Developing disturbance to bring strong winds, coastal flooding, and heavy rain to parts of the South
Disturbance #1 is an elongated area of lower pressure stretching across the Caribbean from the Dominican Republic to Venezuela. This system, combined a strong dip in the jet stream, is already causing heavy rain over Puerto Rico and the surrounding islands. Flood Watches are in effect there due to forecasts of persistent rain over the next few days.
The dip in the jet stream is forecast to break off into a large upper-level disturbance that will meander in the vicinity of the Bahamas over the next several days. This system combined with the nascent low pressure over the Caribbean are expected to create a non-tropical low-pressure system in the vicinity of Puerto Rico in a day or two.
This evolutionary process is the same one that creates nor'easters farther north, but it's happening in the tropics.
As we've already seen a few times this year, when non-tropical low-pressure systems track over warm tropical ocean water, they can evolve into systems with tropical characteristics – a subtropical depression or storm if non-tropical aspects remain, and a tropical depression or storm if they don't.
The upper-level disturbance will create a donut of steering winds which should pull the low-pressure system out of the Caribbean and then arc it in the direction of Florida.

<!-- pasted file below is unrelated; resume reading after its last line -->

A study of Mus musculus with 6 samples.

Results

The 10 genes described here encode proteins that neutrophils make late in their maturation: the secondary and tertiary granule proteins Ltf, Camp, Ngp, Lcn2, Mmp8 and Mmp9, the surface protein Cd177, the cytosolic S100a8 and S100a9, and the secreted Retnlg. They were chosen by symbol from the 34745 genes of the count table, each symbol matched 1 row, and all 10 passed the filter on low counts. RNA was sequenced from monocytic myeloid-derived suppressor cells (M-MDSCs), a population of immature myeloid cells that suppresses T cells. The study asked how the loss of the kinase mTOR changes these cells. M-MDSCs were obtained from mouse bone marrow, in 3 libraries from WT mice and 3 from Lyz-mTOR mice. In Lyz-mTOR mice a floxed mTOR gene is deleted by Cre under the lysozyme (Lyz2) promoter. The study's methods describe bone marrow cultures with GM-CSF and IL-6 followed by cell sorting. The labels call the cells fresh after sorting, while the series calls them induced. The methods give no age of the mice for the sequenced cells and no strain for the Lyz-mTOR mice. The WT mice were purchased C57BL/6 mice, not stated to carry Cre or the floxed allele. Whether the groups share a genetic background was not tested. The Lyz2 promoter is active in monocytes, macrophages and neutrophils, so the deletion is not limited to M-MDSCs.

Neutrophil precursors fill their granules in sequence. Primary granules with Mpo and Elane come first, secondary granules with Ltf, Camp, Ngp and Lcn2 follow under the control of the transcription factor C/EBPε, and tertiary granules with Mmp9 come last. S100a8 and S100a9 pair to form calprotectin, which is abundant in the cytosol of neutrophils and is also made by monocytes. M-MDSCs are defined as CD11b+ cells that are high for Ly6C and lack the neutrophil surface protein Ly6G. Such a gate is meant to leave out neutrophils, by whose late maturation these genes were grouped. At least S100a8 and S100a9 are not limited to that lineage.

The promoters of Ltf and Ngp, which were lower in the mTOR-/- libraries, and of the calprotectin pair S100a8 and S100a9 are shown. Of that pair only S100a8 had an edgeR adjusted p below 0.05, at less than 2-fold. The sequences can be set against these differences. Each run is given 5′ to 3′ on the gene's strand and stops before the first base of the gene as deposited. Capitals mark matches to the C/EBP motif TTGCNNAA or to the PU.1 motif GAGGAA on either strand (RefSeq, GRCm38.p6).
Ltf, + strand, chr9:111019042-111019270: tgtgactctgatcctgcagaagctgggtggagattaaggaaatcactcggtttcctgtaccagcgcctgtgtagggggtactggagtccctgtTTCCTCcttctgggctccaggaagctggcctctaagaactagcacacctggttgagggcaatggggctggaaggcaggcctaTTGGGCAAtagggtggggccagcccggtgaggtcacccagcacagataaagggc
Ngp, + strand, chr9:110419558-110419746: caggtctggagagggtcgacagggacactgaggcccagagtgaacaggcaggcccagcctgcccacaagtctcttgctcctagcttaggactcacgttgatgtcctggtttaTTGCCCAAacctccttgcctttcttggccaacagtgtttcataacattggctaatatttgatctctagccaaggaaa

The most impactful component of this event appears less likely to be related to the evolving disturbance itself, although we'll keep an eye on that. But this whole combo system will create a broad general area of low pressure over the Bahamas. A strong high-pressure system moving off the New England coast is going to try to fill in that low pressure. The result is likely to be strong winds along the Southeast coast and perhaps part of the Mid-Atlantic coast as well.
Winds gusting over 40 mph will push ocean water toward the coast and into bays and harbors just as the full moon is creating extra-high tides. Significant coastal flooding is possible toward the middle of next week.
Exactly where the strongest push of air off the ocean will occur remains to the seen, but it will probably be over a very large area hundreds of miles from wherever the disturbance develops and tracks.
Everybody from the Mid-Atlantic south to Florida, and especially in the Carolinas, should be aware of potential bad weather and coastal flooding next Tuesday and Wednesday, plus or minus. The timing and details are subject to change.
It appears the disturbance will get involved with a coming cold front later next week and be absorbed.
On the uncertainty scale, the coastal effects over a large part of the central and southern East Coast appear likely due to the influence of the strong high-pressure system to the north. The exact evolution of the disturbance itself, and whether it is of much consequence as a storm system in the Bahamas or Florida is an open question.
Farther north, Disturbance #2 is another non-tropical low-pressure system over the ocean east of Bermuda. Over the weekend, it might acquire some tropical characteristics and add to the hurricane season's statistics. In any case, it won't be a threat to land.
In the southern Gulf of Mexico, Tropical Depression Lisa is on its last legs. It will become a remnant area of low pressure soon and not be of further consequence.
Nothing else is imminent, but the autumn ocean is always full of non-tropical low-pressure systems. As long as the water is warm, and in many cases unusually warm, systems will have to be watched.